What We See
Photography changes family history
Maureen Taylor, expert on the intersection of history, genealogy, and photography, explains how family photographs are more than images of loved ones, but are also reflections of history.
In a bonnet, with her face framed by rosettes, the well-dressed Dorothy Catherine Draper looks directly into the camera operated by her brother, Dr. John W. Draper of New York. Within months of Louis Jacques Mande Daguerre’s 1839 announcement of his photographic breakthrough in Paris, Draper experimented with the daguerreotype process in America, capturing a likeness of his sister and immortalizing her in what could be the first family photograph. It’s a reminder that images of family members span the history of photography—from Draper’s single daguerreotype to today’s easily duplicated digital snapshots. This portrait also signifies that each of our own family pictures is more than a photograph of a loved one; each one is also a historical document. Our photographs reflect history; they inform us, change our impressions of our relatives, and tell the story of our families.
For years a simple postcard portrait of my maternal grandmother sat on my mother’s bureau. She knew it was her mother, but wasn’t sure when it was taken. The cumulative details present in the image, combined with family history, were what filled in the blanks and told us something more about her and the circumstances behind the taking of the picture. Establishing a time frame for the photo depended on accumulating clues: the photographic method, researching the photographer’s name embossed in the lower right hand corner of the image, and her attire. Photographic postcards first became available in 1899, while city directory listings established that the photographer who made the picture was in business for thirty-seven years beginning in 1903. My grandmother wears a dress with large contrasting buttons and a pair of high shoes, her hair pulled back in a low bun, all popular circa World War I. However there are other elements present in my grandmother’s image that represent her personality. Around her neck is the locket she wore throughout her life and is owned by my mother now. According to relatives, it was given to her by her best friend, whose initials “A.A.” are engraved on one side while my grandmother’s initials are on the other. Pinned to her bodice is a watch she paid for with her earnings from working in a cotton mill.
It’s a seemingly uncomplicated portrait but my grandmother’s accessories illustrate that she was a woman who valued her friends and her independence. Identifying the occasion was clear from studying the facts of her life and estimating her age, but the final clue was the presence of a wedding ring. Every bit of evidence brought me closer to the year it was taken—1916; the year in which she married. Not all couples, back then, posed together for matrimonial images and not all brides wore white. A dress purchased for a single event was not an affordable option for many women, including my grandmother. This economical bride chose to have her picture on a postcard because it served a dual purpose—the format was inexpensive and she could mail copies to family in Quebec. Oral traditions, genealogical facts, and research deepened our impression of her—from a static portrait of a bride to a living woman.
Similarly Draper’s experimental portrait of his sister is an example of what can be learned from an image. Dorothy Catherine Draper posed on the roof of New York University seated in a chair. While this image is an 1893 copy of the original daguerreotype, the details present in this image and the facts of her life are clear. Her high crowned bonnet trimmed with flowers and her dress with tight upper sleeves suggests she fit the demure ideals of her gender and generation. It’s her straightforward gaze that contradicts that assumption. It’s fitting that Draper created a pictorial monument to his sister. In the patriarchal society of the late 1830s and 1840s, Draper’s sister worked as an art teacher to support her widowed mother, two sisters, her brother and his wife. She moved the family from England to America and funded her brother’s medical school education. Her strength of character and will are visible in this portrait.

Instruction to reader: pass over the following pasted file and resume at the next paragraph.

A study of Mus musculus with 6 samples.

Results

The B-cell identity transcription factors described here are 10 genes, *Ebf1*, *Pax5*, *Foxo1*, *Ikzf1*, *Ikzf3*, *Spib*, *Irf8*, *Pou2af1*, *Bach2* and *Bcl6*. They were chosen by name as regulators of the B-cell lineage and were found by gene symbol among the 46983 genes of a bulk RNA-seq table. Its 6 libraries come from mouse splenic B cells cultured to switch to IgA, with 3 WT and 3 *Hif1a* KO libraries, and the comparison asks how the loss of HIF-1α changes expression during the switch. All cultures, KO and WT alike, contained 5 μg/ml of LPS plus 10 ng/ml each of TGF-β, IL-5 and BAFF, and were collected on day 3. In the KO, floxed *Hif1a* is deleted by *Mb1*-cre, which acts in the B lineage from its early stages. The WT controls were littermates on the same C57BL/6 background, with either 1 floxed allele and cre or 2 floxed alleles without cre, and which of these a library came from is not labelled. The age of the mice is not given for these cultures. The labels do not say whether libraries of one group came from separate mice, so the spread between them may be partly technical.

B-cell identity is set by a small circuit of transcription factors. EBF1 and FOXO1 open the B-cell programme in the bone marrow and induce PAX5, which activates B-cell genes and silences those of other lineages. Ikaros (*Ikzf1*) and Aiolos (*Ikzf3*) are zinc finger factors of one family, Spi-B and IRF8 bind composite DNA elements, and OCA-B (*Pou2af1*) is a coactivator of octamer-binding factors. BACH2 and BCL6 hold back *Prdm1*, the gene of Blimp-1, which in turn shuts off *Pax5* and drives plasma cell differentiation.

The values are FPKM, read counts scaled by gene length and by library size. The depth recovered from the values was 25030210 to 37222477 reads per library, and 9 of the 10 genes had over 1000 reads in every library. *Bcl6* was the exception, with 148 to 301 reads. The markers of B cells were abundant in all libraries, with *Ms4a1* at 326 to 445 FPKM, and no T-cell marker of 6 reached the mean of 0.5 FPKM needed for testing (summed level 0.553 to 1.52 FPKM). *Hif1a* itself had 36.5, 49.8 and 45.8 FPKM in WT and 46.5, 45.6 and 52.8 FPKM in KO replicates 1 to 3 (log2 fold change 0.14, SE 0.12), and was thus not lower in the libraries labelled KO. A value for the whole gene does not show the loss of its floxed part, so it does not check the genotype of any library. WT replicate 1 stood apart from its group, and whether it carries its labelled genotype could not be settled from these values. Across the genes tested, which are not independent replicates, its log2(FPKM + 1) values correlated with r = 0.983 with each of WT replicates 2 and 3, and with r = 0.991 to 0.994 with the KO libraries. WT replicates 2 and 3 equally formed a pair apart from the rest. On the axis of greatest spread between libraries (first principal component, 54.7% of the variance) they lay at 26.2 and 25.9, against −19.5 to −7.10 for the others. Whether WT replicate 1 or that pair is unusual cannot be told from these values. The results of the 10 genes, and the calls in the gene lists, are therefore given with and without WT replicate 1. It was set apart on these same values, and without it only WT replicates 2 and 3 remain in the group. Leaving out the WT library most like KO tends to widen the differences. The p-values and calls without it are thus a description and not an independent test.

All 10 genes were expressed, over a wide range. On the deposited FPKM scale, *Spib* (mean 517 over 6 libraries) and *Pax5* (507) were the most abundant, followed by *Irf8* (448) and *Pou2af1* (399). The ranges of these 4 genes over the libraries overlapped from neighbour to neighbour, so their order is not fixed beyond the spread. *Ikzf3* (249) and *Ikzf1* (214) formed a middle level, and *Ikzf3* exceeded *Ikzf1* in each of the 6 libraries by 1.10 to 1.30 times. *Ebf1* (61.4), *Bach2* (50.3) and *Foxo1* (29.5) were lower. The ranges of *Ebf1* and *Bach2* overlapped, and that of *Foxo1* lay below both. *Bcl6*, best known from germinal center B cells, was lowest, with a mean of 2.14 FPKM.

You can apply the same techniques to search for clues in your own family photographs and to learn more about how your ancestors used photography to document their everyday lives. The full story of a person’s life is often portrayed in a pictorial timeline from birth through death in baby pictures, school portraits, occupational images, wedding poses, and even postmortem images, but they are all icons for a deeper story. In our minds, family photographs become synonymous with a specific point in that person’s life and visually frozen in time in our memories. Yet by discerning the clues in each one, our family pictures not only inform and remind us of the past but also let us see reflections of ourselves, today, in the mirror of our family history.
- Portrait of Dorothy Catherine Draper, 1893
- Daniel Draper
- Read image description
Portrait of Dorothy Catherine Draper
Believed to be the first photographic portrait made in the United States, this portrait of Dorothy Catherine Draper was originally taken by her brother Dr. John W. Draper (1811-1882) in his Washington Square studio at the New York University in 1839 or 1840, within the first year of Louis Jacques Mande Daguerre's announcement in Paris of his invention of the daguerreotype process. Identified as a copy daguerreotype, this reproduction was made by Draper's son Daniel when the original was displayed at the 1893 Columbian Exposition in Chicago, Illinois. The original daguerreotype was damaged during an attempt at restoration early in the 1930s.